In Uganda, when does brash talk radio become sedition?
Radio talk show host Andrew Mwenda angered Uganda's government after controversial remarks.
Few prisoners at Kampala's central police station embraced their detention this month to emulate freedom fighters such as Nelson Mandela.
But outspoken journalist Andrew Mwenda was no ordinary prisoner.
As political editor and columnist for the independent Daily Monitor, and as talk show host for the paper's radio station, KFM, Mr. Mwenda has earned a reputation as a sharp critic of Ugandan President Yoweri Museveni.
But Mwenda crossed a line August 10, when he blamed the Ugandan government for the death of Sudanese Vice President John Garang, who died last month in a helicopter crash.
Uganda's broadcasting council took KFM off the air the next day, later saying his program was likely to lead to violence. Then the government jailed him for three days. Mwenda was freed on bail last week, but he now faces charges of sedition, which could entail a five-year jail term.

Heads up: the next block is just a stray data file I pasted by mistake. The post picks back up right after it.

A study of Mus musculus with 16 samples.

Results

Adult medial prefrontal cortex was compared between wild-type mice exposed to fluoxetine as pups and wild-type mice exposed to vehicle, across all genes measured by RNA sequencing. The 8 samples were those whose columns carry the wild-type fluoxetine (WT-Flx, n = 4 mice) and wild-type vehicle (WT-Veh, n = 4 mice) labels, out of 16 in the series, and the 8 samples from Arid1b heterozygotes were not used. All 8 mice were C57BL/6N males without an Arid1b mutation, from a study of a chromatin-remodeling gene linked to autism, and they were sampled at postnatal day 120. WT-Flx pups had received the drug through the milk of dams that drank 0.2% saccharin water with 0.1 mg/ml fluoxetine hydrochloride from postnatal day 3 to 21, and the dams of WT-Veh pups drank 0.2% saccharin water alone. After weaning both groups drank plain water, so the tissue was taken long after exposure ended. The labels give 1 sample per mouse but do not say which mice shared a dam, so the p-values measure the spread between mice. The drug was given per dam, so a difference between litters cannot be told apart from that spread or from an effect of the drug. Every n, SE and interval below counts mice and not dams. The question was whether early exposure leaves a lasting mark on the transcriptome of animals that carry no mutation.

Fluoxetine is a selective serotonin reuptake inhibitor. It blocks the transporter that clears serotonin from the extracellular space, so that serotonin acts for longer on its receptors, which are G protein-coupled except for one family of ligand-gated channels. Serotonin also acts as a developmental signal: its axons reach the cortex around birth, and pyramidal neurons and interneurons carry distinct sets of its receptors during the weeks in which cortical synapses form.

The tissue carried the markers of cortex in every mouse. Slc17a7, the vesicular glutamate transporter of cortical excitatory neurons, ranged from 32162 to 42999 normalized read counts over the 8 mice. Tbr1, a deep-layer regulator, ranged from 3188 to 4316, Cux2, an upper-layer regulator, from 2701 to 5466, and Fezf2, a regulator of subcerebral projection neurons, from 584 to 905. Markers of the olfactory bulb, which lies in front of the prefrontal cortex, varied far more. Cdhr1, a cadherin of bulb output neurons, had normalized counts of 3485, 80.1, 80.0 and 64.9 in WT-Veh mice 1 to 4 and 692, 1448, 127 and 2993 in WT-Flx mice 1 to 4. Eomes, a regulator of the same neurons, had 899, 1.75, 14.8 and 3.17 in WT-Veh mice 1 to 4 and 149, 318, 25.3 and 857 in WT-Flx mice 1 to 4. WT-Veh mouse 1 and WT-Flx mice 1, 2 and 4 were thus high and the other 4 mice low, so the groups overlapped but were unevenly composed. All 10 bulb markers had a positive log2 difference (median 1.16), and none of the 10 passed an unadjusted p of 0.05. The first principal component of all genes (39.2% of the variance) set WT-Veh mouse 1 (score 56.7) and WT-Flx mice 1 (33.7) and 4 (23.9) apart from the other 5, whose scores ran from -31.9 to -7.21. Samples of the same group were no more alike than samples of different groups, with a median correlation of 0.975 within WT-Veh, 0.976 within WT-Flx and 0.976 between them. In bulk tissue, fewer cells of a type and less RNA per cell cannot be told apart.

Mwenda's case dramatizes what media watchdogs say is a worrisome trend here: the scaling back of press freedom ahead of political change. The upcoming March election is the first one to be fought on party lines since 1980. Analysts say Mr. Museveni is becoming more authoritarian as that date approaches.
But Mwenda isn't backing down. And the Daily Monitor's lawyers say the sedition law is an archaic, colonial-era relic and they plan to challenge its constitutionality.
The government's indignation at Mwenda's comments may have been undermined by Museveni himself. Several days before the offending program, he traveled to southern Sudan and said the crash of the Ugandan helicopter may not have been an accident, as initially claimed.
That explanation, says Joel Barkan, a professor at the University of Iowa who specializes in East African politics, is intended to avoid the "specter of the junk- helicopter deal."
That deal refers to a corruption case from the late 1990s where the government spent millions of dollars on four helicopters from Belarus that could not fly.
Addressing the country hours before Mwenda's August 10 program, Museveni blasted the journalist and threatened to close down the Daily Monitor and two other papers, calling them "vultures."